Workers' productivity has increased significantly over the years; however, the same has not been the case with the wages earned. A report from the U.S. Bureau of Labor Statistics in 2017 reveals that productivity in 183 industries increased by 5% yearly between 1987 to 2015.
In contrast, the compensation to workers each year did not grow over 2%. This disparity between worker productivity and compensation, known as the "productivity–compensation gap," has led to the advent of a four-day workweek policy.
What is a Four-day Workweek?
A four-day workweek is a schedule set up by a company to enable its employees to earn the same pay while working only four days a week. In the U.S., for example, instead of workers dedicating 8 hours -five days a week, they can put in 10 hours - for four days (the same 40 hours) in a week.
On the other hand, some countries are already taking positive steps that will enable them to adopt a four-day workweek. An instance of this is the U.K., whose Labour Party has set a policy advocating for workers to receive their standard pay in a four-day workweek.
Advantages of a Four-Day Workweek
A four-day workweek has several advantages for both employees and business owners. Some of these benefits are:
1. Increased Productivity:
Microsoft Japan is an example of a company that gives its employees the advantage of a four-day workweek, and a three-day weekend. As part of a program called "Work-Life Choice Challenge," it allowed its workers to take all Fridays off in August 2019. According to the company, this trial was able to boost its productivity (sales per employee) by 39.9% in comparison to August 2018.
Similarly, New Zealand's trust management company, Perpetual Guardian, revealed that its employee productivity and work-life balance increased by 20% and 45%, respectively, after it began a trial of a four-day workweek. Based on this, a four-day workweek can impact a company significantly.
2. Reduced Stress:
Perpetual Guardian also stated in its report that successful completion of its four-day workweek brought about a 27% reduction in work stress levels. Therefore, an extra day off work without the need to go back and forth in traffic can help to reduce the work stress on employees. It can bring about improved mental and physical health.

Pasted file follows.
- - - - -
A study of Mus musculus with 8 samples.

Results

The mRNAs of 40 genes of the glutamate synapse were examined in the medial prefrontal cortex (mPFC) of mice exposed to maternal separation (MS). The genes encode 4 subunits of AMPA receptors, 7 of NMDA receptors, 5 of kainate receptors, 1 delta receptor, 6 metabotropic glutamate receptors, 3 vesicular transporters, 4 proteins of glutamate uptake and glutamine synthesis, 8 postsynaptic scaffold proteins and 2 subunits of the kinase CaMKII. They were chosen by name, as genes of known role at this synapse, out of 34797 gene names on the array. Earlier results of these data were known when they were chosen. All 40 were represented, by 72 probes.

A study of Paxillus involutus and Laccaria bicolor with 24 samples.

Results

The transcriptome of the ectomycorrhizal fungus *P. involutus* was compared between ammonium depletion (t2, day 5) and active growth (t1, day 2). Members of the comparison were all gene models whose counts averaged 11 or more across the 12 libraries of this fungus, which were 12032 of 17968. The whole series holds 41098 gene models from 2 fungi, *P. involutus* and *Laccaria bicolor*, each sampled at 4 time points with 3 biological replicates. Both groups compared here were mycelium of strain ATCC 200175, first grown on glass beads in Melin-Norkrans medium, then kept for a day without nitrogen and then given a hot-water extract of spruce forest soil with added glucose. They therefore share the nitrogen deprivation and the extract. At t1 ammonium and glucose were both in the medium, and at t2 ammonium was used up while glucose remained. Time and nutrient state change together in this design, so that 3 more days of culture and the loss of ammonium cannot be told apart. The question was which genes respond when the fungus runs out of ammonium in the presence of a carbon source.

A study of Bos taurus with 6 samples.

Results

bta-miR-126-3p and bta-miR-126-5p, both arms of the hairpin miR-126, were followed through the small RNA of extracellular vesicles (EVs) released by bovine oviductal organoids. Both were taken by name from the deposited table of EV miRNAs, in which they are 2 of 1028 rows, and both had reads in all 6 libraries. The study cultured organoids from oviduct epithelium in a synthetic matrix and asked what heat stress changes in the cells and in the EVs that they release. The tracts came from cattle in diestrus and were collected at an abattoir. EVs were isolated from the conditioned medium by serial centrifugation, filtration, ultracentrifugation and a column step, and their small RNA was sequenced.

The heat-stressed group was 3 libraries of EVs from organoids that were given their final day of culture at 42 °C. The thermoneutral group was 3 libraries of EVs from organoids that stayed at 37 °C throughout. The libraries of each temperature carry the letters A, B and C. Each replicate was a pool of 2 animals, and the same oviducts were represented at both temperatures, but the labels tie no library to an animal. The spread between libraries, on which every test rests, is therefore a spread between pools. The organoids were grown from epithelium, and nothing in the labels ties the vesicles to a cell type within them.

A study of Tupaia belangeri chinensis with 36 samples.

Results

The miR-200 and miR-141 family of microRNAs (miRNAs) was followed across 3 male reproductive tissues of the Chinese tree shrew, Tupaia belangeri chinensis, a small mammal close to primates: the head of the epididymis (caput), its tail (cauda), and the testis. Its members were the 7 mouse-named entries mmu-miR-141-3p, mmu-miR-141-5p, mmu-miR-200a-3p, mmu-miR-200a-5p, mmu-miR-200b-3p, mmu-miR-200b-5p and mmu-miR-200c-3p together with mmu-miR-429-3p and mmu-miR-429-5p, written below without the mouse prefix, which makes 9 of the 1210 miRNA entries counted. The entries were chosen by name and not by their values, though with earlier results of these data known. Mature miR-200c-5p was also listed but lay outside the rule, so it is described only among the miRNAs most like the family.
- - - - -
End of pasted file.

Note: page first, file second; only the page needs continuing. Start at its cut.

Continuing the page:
3. More Free Time:
Employees can have more free time on their hands with another day besides the weekends or holidays. This free day can be channeled into rest or doing something more rewarding. They could take up freelancing jobs online, or dedicate the day to spend time with their family.
Disadvantages of a Four-Day Workweek
A four-day workweek comes with its drawbacks, and some of these are:
1. Reduced Productivity:
A worker's productivity can decline with more days or hours spent at home. A three-day weekend will most likely be taken as a time for rest; hence, the potential for more productive things to be done is low. In the same vein, employees may be less willing to attend to business calls or meetings while on their day off.
2. Not Suitable for Some Companies:
Certain employees need to be at work from Monday to Friday to promote the proper functioning of the company. If such employees are absent, it could lead to an in-completion of processes. An instance is the case of an employee that handles the customer support system of the company and needs to be sited five times a week or more.
Should You Implement a Four-Day Workweek?
The decision to implement a four-day workweek depends on how it benefits both employers and employees. If your company's needs align with that of your workers, then you can adopt this work schedule.
Alternatively, if you are uncertain about its outcome, you can try this work schedule for a few months and see if it affects the operations and efficiency of your company significantly.
Do People Want to Work Less?
The enthusiasm by workers for a four-day workweek may be mistaken as a need to avoid work entirely, but get paid. A 2018 survey of almost 3,000 employees in 8 countries has proven otherwise. The study conducted, asked respondents if they were offered the same pay, how many days would they choose to work.
The results revealed that only 4% of respondents chose the option 'None', denoting they didn't want to work entirely. On the other hand, 34% and 28% of respondents said they wanted a four-day workweek and five-day workweek, respectively, if their pay remained constant.
A four-day workweek can help to compensate employees for the long hours they put into their work every week. It is worth noting that it can help to cut costs while improving productivity and work-life balance. However, there are certain disadvantages of a four-day workweek companies have to be wary of. As such, they can first trial this policy for a few months to see how it impacts the company.